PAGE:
MAC MAINTENANCE – What you can do
New Mac users and customers ask us what they need to do for maintenance on their Apple computers. That’s a good question. Apple’s marketing suggests computers “just work,” so many people never consider regular maintenance. For the most part Apple is correct. However, there are some things that you can do monthly and annually to keep your Mac running smoothly.
First, regularly update your software. Unlike a Windows update on a PC, your Apple OS and app updates will not mess everything up and you don’t need a tech friend to tell you which ones to do and which ones to skip. Access software updates from the Apple menu, then select Software Updates. For those of you with a newer OS, updates will be completed through the App Store. All of these updates include little and big fixes for issues that have been reported to Apple.
Next, get in a habit of organizing your files and archiving old files. This means if you standardly save files to your desktop, moving like-files to a folder or within your documents or picture folders. The more files that are not contained in folders on your desktop, the longer the desktop will take to open when you start up. Another good habit is repairing your disk permissions with the Disk Utility app that is built into the Mac OS. You can avoid problems by proactively running the disk utility every two to three months. This utility examines certain files and folders on your Mac’s hard drive to see if their current permissions settings are what Mac OS X expects them to be; if discrepancies are found, the offending permissions are changed to match the expected settings. That’s just a fancy way of saying that it makes sure all files are where they need to be.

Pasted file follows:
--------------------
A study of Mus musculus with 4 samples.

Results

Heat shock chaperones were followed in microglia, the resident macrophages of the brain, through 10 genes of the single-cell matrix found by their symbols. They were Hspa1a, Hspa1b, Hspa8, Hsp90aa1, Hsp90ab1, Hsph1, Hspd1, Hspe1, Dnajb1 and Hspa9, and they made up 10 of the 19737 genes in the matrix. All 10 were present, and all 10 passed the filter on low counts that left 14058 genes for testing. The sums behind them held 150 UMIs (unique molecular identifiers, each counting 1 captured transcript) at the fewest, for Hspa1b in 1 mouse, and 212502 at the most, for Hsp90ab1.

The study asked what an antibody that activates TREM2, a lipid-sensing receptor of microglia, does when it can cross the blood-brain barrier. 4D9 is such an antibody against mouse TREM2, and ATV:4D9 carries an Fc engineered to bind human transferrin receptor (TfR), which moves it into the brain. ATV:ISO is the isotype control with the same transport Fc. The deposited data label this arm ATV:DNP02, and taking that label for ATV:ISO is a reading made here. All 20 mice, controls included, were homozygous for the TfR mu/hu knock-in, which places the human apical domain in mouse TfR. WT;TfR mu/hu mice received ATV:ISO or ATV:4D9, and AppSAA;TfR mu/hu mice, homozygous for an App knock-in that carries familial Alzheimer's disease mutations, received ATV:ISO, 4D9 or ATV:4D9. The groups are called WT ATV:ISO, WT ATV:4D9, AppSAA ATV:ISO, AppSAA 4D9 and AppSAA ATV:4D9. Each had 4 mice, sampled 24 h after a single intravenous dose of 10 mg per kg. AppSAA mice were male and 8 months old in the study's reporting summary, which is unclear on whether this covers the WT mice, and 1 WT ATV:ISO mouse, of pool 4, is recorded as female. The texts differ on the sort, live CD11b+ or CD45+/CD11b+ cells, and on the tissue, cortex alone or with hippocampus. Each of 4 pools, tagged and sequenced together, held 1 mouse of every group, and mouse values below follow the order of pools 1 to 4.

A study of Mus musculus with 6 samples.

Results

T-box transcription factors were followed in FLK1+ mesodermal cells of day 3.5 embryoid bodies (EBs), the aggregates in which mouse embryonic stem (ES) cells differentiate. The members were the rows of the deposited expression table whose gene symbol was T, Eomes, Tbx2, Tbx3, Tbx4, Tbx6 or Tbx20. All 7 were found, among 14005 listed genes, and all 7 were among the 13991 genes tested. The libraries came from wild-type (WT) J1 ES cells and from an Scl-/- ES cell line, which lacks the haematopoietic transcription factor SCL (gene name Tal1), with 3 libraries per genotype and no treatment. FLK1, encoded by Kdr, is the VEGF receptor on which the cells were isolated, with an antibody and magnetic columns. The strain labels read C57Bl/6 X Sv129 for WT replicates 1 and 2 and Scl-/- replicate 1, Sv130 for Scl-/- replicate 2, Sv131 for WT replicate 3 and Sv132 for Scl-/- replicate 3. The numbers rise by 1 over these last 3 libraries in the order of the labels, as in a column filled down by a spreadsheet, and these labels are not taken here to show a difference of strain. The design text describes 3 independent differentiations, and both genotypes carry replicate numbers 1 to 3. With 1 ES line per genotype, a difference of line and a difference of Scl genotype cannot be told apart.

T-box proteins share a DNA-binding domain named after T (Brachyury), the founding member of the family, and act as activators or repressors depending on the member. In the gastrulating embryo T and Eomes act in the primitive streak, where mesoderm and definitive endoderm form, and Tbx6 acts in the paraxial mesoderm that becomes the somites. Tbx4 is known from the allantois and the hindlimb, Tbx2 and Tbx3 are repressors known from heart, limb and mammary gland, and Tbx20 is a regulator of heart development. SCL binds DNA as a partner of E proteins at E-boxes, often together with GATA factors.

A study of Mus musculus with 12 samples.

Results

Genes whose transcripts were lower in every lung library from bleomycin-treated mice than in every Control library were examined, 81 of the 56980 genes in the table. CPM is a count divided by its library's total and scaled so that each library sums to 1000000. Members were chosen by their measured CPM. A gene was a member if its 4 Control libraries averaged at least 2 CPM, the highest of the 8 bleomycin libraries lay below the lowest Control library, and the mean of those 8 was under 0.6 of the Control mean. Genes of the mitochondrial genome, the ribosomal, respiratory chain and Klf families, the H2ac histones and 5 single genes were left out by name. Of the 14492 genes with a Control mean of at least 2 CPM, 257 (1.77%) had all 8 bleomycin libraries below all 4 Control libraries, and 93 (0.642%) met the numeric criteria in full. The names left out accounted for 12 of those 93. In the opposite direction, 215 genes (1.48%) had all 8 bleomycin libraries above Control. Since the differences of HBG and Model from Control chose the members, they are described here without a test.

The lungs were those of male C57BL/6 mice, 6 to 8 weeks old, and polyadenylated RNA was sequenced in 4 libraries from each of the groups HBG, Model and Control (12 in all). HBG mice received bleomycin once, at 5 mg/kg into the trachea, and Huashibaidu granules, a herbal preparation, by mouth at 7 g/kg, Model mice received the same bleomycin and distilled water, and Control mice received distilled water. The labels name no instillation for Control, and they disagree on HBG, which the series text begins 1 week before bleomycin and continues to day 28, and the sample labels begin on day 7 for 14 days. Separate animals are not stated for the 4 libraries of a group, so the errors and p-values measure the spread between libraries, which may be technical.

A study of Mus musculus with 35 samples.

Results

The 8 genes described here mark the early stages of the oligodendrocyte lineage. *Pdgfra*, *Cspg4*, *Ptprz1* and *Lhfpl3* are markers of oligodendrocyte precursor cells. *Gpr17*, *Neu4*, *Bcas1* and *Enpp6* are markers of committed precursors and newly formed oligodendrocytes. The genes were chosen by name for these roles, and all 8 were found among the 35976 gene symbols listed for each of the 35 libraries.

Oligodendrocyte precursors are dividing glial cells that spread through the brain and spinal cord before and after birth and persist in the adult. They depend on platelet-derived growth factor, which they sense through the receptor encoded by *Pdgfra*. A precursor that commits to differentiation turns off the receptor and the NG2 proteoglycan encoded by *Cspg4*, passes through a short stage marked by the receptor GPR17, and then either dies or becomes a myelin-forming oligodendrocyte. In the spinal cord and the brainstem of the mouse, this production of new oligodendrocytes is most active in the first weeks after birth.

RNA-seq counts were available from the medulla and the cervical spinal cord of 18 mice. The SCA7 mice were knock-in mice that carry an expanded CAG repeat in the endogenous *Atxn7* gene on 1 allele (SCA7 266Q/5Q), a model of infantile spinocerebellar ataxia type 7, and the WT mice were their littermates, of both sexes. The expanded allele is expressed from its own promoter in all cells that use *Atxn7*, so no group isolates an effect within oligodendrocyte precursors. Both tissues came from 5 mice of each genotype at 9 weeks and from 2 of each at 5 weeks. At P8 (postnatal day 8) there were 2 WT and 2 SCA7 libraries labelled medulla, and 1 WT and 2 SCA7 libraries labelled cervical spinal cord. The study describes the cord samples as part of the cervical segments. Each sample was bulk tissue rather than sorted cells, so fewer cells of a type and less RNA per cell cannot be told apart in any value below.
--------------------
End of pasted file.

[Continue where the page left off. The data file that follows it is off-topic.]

Lastly, you need to periodically physically clean your computer – especially laptops. If you regularly eat while browsing the Internet or Facebook – all those good crumbs and gunk on your fingers are getting all inside your computer and on the keys. The best way to clean your laptop is first to turn it OFF. Next get a soft fiber cloth or old t-shirt and lightly spray it with Windex. Now you can use the rag to wipe both the keyboard portion, the display glass/screen, as well as the top and bottom of the laptop. Desktops and keyboards need to be cleaned as well with the same process. And for those of us with 4 legged friends, canine or feline, it is important to remember that all animals have dander, whether they shed a lot or not. Therefore, animals lovers (I am one too) will need to take your laptop to a professional to get it cleaned internally – where all that dander likes to go. It shouldn’t cost much or take very long. Computerlab charges just $20 for an internal cleaning.
That’s pretty much it. If you find your Mac has started to get slow and bogged down and you exhausted all that you know to do – take it to an Apple Authorized business with technicians that have current certifications. It is within your right to ask a business to see their tech’s certification. Apple requires technicians to obtain new certifications on each line of product because the new MacBook is internally different than a MacBook Pro Retina. Also, certifications expire! A “certified technician” who received his certification in 1999 is not qualified for a 2012 anything.
Oh and let me mention one way to NOT clean your Mac. At NO time should you ever download or run a program intended to clean your computer – this will cause you many more problems than it will ever solve. After downloading and running this type of program, you will have to see a professional for why your computer is running so poorly. We will talk more about these programs in a later blog.